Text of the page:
Question: I know what sugar is, and what alcohol is, but what are “sugar alcohols”?

Answer: Sugar alcohols—also known as polyols—include sorbitol, xylitol, erythritol, mannitol and isomalt. All the -ols, I like to say, plus isomalt. They taste sweet like sugar and have a cooling effect in the mouth. Chemically, polyols are carbohydrates, and they are not intoxicating like alcohol (Grembecka 2015). Unlike artificial sweeteners, including aspartame and saccharin, sugar alcohols naturally occur in fruit like plums and berries and in some vegetables.

You will see sugar alcohols on the ingredient lists of some candy and chocolate, gum, and other sweets, especially those labeled “sugar-free,” and in products marketed to people with diabetes. Because they contain fewer calories than sugar (2–3 calories per gram compared with 4 calories per gram for sugar), have a lower glycemic index than sugar, and add bulk to food more than artificial sweeteners do, sugar alcohols are widely used food additives (Grembecka 2015).

Polyols even have antibacterial properties, reducing the risk of cavities when used in gum. Xylitol has been studied as a preventive treatment for recurrent ear infections in children (Uhari et al. 1996). Sugar alcohols sound good, right? In small amounts, they are. But in larger amounts, they are associated with uncomfortable gastrointestinal symptoms like bloating, gas and diarrhea in some people. Polyols are not well digested in the small intestine, so they make it to the large intestine, where they pull water into the gut and are digested by bacteria that produce gas. Have you ever wondered why prunes are known for their laxative effect? Sugar alcohols, along with fiber, help explain it.

How much is too much when it comes to polyols? A dose of 50 g of xylitol may cause diarrhea (Storey et al. 2007), which is why some sugar-free candies come with warning labels. These gastrointestinal side effects are the reason the Academy of Nutrition and Dietetics suggests that people with irritable bowel syndrome (IBS) avoid sugar alcohols (AND 2012; AND 2014).

In fact, polyols are the P in FODMAPs, the acronym for substances people with gastrointestinal disorders may absorb poorly and should therefore avoid. Everyone is unique, but if you have IBS or frequent gastrointestinal symptoms, it’s worth paying attention to your intake of sugar alcohols.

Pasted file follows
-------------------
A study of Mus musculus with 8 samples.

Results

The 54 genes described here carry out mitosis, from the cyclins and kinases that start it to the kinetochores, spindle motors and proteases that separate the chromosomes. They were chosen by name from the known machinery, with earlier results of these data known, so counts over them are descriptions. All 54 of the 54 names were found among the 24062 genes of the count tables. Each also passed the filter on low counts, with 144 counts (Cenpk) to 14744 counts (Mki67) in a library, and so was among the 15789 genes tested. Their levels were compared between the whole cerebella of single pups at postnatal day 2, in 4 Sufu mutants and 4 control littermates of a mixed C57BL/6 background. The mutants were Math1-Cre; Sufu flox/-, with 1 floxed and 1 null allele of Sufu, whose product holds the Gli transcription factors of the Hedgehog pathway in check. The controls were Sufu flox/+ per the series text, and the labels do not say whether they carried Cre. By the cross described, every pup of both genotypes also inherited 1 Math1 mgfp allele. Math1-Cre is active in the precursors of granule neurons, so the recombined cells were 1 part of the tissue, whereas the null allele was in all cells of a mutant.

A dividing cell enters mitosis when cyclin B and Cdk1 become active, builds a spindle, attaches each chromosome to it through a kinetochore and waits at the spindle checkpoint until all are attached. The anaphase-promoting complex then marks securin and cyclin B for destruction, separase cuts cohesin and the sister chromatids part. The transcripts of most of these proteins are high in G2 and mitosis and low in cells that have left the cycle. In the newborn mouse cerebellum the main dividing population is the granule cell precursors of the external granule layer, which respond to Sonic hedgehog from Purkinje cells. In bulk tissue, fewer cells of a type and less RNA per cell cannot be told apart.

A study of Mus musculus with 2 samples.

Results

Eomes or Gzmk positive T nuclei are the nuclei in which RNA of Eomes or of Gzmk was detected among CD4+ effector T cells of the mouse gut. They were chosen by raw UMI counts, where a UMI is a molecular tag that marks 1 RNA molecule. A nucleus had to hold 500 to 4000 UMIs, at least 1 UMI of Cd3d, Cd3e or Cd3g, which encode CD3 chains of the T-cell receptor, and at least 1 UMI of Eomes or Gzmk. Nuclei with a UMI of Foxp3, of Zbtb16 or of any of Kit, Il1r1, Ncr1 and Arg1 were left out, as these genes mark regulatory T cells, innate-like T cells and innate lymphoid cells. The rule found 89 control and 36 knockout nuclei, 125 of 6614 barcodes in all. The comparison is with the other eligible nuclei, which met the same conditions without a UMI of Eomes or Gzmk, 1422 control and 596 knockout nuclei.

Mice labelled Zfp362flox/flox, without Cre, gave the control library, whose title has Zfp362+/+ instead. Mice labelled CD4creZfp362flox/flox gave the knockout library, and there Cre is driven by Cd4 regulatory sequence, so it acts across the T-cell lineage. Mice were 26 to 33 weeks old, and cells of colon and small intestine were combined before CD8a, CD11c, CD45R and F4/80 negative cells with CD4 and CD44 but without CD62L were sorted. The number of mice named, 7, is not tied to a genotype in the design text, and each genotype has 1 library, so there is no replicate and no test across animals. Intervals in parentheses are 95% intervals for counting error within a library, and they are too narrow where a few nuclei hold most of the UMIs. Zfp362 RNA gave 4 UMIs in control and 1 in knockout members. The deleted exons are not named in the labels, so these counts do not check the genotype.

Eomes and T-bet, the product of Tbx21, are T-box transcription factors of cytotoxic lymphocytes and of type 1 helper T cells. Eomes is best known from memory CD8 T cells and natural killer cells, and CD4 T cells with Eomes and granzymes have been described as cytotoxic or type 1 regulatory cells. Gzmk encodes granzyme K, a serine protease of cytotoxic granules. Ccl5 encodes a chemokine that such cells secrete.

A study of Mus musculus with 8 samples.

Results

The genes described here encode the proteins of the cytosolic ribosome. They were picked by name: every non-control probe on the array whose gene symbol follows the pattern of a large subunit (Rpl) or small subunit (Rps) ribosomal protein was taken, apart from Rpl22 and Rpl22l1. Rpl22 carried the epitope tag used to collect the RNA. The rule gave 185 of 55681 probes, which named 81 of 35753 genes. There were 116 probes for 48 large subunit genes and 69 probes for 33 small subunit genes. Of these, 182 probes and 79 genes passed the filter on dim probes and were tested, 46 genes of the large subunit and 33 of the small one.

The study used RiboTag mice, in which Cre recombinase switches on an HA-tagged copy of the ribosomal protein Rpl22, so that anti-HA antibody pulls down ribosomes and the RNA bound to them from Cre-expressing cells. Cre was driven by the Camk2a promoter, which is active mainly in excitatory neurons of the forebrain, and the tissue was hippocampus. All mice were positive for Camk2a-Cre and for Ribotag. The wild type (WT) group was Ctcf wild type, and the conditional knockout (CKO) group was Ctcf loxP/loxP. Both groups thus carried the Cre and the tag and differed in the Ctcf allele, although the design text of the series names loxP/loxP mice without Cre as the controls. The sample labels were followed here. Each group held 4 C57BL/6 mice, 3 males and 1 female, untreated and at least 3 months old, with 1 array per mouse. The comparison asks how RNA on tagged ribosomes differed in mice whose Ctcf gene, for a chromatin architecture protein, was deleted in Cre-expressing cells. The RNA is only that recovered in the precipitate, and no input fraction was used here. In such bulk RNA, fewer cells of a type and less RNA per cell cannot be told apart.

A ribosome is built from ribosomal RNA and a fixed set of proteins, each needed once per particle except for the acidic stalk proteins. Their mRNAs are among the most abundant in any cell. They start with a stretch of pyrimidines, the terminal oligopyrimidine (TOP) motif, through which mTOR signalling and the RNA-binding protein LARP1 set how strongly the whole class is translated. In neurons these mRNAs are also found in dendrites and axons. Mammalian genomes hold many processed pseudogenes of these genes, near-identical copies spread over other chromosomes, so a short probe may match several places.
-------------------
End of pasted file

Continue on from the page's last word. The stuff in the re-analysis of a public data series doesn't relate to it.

Sanna Delmonico, MS, RDN, CHE, is on the faculty at The Culinary Institute of America at Greystone, in Napa, California, where she teaches food safety, nutrition and gastronomy. As a dietitian nutritionist working in a culinary school, she makes it her goal to help students see the connection between good health and delicious food.


AND (The Academy of Nutrition and Dietetics). 2014. Irritable bowel syndrome. Accessed Jan. 10, 2016.
AND. 2012. Position of the Academy of Nutrition and Dietetics: Use of nutritive and nonnutritive sweeteners. EatRight.Org Pro, 112 (5), 739-58.
Grembecka, M. 2015. Sugar alcohols—their role in the modern world of sweeteners: A review. European Food Research and Technology, 241 (1), 1-14.
Storey D., et al. 2007. Gastrointestinal tolerance of erythritol and xylitol ingested in a liquid. European Journal of Clinical Nutrition, 61 (3), 349-54.
Uhari M., et al. 1996. Xylitol chewing gum in prevention of acute otitis media: Double blind randomised trial. British Medical Journal, 31 (7066), 1180-84.

Sanna Delmonico, MS, RDS, CHES

"Sanna Delmonico, MS, RDN, CHE, is an associate professor at the Culinary Institute of America where she teaches food safety and nutrition. She previously led programming for the CIA Healthy Kids Collaborative and the CIA-Harvard Healthy Kitchens, Healthy Lives Continuing Medical Education Conference. Prior to joining the CIA, she was an instructor at Santa Rosa Junior College where she co-coordinated the dietetic technician program. Sanna develops delicious, seasonal recipes and writes about food and nutrition for publications, including IDEA Fitness Journal. She lives in Napa, California, and is a home winemaker."